At the same time, there are barely any homes available on the opposite end of the market — those selling for under a quarter-million dollars.


Nearly 12 percent of all single-family houses sold in King County so far this year have fetched more than $1 million, easily double the average rate over the last decade, according to sales data crunched by Windermere Real Estate.

At the same time, the other end of the market has all but disappeared. Now, less than 5 percent of homes fit into the cheapest price bracket of less than $250,000, down from an average of nearly 15 percent over the last decade.

The rise in million-dollar home sales has been slowly building for five years but is now growing much faster than normal. This year, by the time September rolled around, the county had already seen more seven-figure sales than in any other full year.

“It wasn’t that long ago, you start talking about seven figures, that was rarefied air. Now, it’s a more substantial market than we’ve ever seen before,” said Matthew Gardner, Windermere’s chief economist. “A million dollars, any way you look at it, is still an awful lot of money. However, it’s what it takes now to buy into some of these markets.”

The biggest concentration of million-dollar houses remains in ritzy areas like Mercer Island, West Bellevue and the Seattle waterfront. In those places, it’s almost impossible to find something under $1 million, said Windermere Realtor Anna Riley.

But now, there are plenty of seven-figure homes selling in places close to downtown like Capitol Hill and First Hill, and a decent amount in middle-class neighborhoods like Ballard, Fremont and West Seattle. Even some small town homes in pricier markets like Queen Anne, and condos downtown, have reached seven figures.

Kate Holmes and her husband consider themselves regular middle-class people — he’s a public schools teacher and she’s in marketing for a software company — but they found themselves reaching past the seven-figure mark to find their new home in the Bryant neighborhood in northeast Seattle.

Like so many others moving up in the market, their main source of wealth was their old home: They sold their 100-year-old fixer-upper in Ballard this summer for $800,000, nearly twice what they paid for it last decade.

“We’re normal people: the idea of owning a million-dollar house didn’t seem in the realm of normal for us,” Kate, 41, said Friday, the same day they closed on their new house. “We thought, a million-dollar house, that was something Donald Trump lived in.”

The new house is hardly a mansion: The three-bedroom isn’t even the most expensive property on the block, and there were plenty of bigger homes for six-figures they saw on the market. It was initially listed under $1 million but went for more than $100,000 over asking after a bidding war.

“We live in a million-dollar house. We kept saying it to ourselves like it seemed surreal,” Holmes said. At the same time, she said, “I worry about living in a city where this is becoming a bigger reality, where there are no starter homes any more.”

Indeed, prices across all types of homes continue to climb. New monthly data released Friday by the Northwest Multiple Listing Service shows the county’s median single-family house cost $550,000 in October, up 14.6 percent from a year ago.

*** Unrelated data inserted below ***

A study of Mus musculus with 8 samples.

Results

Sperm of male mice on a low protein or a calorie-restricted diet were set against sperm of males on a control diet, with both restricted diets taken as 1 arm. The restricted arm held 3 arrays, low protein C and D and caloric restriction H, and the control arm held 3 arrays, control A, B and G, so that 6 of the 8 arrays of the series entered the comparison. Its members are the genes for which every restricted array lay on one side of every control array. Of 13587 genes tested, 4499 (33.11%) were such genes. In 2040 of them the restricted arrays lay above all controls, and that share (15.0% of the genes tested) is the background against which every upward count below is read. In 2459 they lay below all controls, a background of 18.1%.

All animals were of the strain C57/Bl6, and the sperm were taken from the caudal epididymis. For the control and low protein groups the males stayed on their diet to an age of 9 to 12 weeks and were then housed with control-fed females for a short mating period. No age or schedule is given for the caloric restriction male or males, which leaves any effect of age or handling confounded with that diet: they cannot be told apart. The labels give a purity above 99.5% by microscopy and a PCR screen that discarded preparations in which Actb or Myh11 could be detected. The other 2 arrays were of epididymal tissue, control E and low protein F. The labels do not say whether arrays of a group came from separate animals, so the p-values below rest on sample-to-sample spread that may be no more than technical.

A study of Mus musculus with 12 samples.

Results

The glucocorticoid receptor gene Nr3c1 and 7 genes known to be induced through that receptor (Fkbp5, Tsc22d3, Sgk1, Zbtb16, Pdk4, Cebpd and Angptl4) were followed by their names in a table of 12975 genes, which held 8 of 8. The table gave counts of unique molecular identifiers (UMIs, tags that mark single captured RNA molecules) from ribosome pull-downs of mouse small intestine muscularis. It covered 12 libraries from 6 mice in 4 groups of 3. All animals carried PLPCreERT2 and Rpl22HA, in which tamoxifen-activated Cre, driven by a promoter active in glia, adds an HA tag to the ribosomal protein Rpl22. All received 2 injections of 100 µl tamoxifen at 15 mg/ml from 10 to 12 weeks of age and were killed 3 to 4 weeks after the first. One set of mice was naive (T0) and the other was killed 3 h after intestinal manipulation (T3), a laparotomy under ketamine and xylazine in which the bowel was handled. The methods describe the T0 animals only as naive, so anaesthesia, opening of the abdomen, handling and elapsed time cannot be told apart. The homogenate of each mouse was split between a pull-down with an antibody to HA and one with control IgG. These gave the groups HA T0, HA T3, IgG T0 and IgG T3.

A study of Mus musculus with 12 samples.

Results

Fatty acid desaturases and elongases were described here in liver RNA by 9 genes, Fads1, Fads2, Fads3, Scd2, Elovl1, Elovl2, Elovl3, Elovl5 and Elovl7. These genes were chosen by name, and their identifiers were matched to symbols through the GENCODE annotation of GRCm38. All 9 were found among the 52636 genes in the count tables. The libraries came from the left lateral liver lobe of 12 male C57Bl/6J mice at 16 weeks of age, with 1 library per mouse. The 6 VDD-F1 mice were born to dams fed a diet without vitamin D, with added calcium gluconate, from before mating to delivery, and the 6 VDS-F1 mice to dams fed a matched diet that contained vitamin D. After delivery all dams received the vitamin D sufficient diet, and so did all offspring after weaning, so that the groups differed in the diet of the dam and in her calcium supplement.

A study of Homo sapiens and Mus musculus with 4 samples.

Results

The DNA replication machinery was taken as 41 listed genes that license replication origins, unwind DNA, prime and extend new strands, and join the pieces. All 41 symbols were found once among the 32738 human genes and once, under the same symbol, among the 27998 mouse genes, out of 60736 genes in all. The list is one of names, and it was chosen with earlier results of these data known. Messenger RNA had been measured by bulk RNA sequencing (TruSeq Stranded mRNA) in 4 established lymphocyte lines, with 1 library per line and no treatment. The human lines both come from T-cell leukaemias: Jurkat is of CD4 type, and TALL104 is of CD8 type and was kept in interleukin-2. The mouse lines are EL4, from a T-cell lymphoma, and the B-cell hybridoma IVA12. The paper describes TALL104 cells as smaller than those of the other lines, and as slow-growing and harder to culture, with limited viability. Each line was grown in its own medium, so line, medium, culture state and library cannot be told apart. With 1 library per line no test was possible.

That’s a reversal after the annual price gains had started to slow in recent months. Home costs even went up a bit compared to a month ago, which almost never happens this time of year, when home buying slows. (Prices are still down slightly compared to the record heights reached in late spring.)

Perhaps most distressing, the number of homes available for sale — a big driver of home costs — dropped slightly compared to a year ago after a rare uptick last month. That inventory remains at historic lows.

At the high end of the market, those looking to stand out now have to buy multimillion-dollar homes. The county now sees 2 percent of homes sell for at least $2 million. Historically, those multimillion-dollar houses have been preserved for only the top 1 percent of homebuyers.

“What we used to consider luxury listings was anything over $2 million, and now that has scooted up to $3 million,” Riley said.

Riley said international buyers, tech executives and transplants from richer markets like California and Vancouver, B.C., make up a bulk of the buyers for today’s luxury homes. Some sellers, meanwhile, choose to “cash in” by pocketing a bulk of the profits and buying something in a cheaper area.

Of course, part of the increase in seven-figure sales is due simply to inflation, but the hot market is the biggest factor. The rate of million-dollar homes soared 33 percent this year, three times faster than the average from the previous decade.

The demand for super-pricey homes has grown so much that Windermere, the region’s largest broker, launched a new line of “ultraluxury” services this week called the W Collection tailored for homes worth at least $3 million. More than a dozen agents will be targeting wealthy clients across Western Washington.

The share of million-dollar homes in Seattle is more than twice the national big-city average and rising faster than most other cities, according to an analysis in May by Trulia, which looked at the value of all homes, not just those recently sold.

But Seattle ranked behind the San Francisco Bay Area, Southern California, Honolulu and New York on the list of the highest rate of million-dollar homes.

Looking at the rest of the market data out Friday, Kitsap County also saw significant gains, with prices rising 13.7 percent from a year ago to $294,000.

But the areas to the north and south of King County saw price gains slow compared to recent months. Snohomish County is up 5.9 percent to $386,599 and Pierce County is up 9.7 percent to $279,950.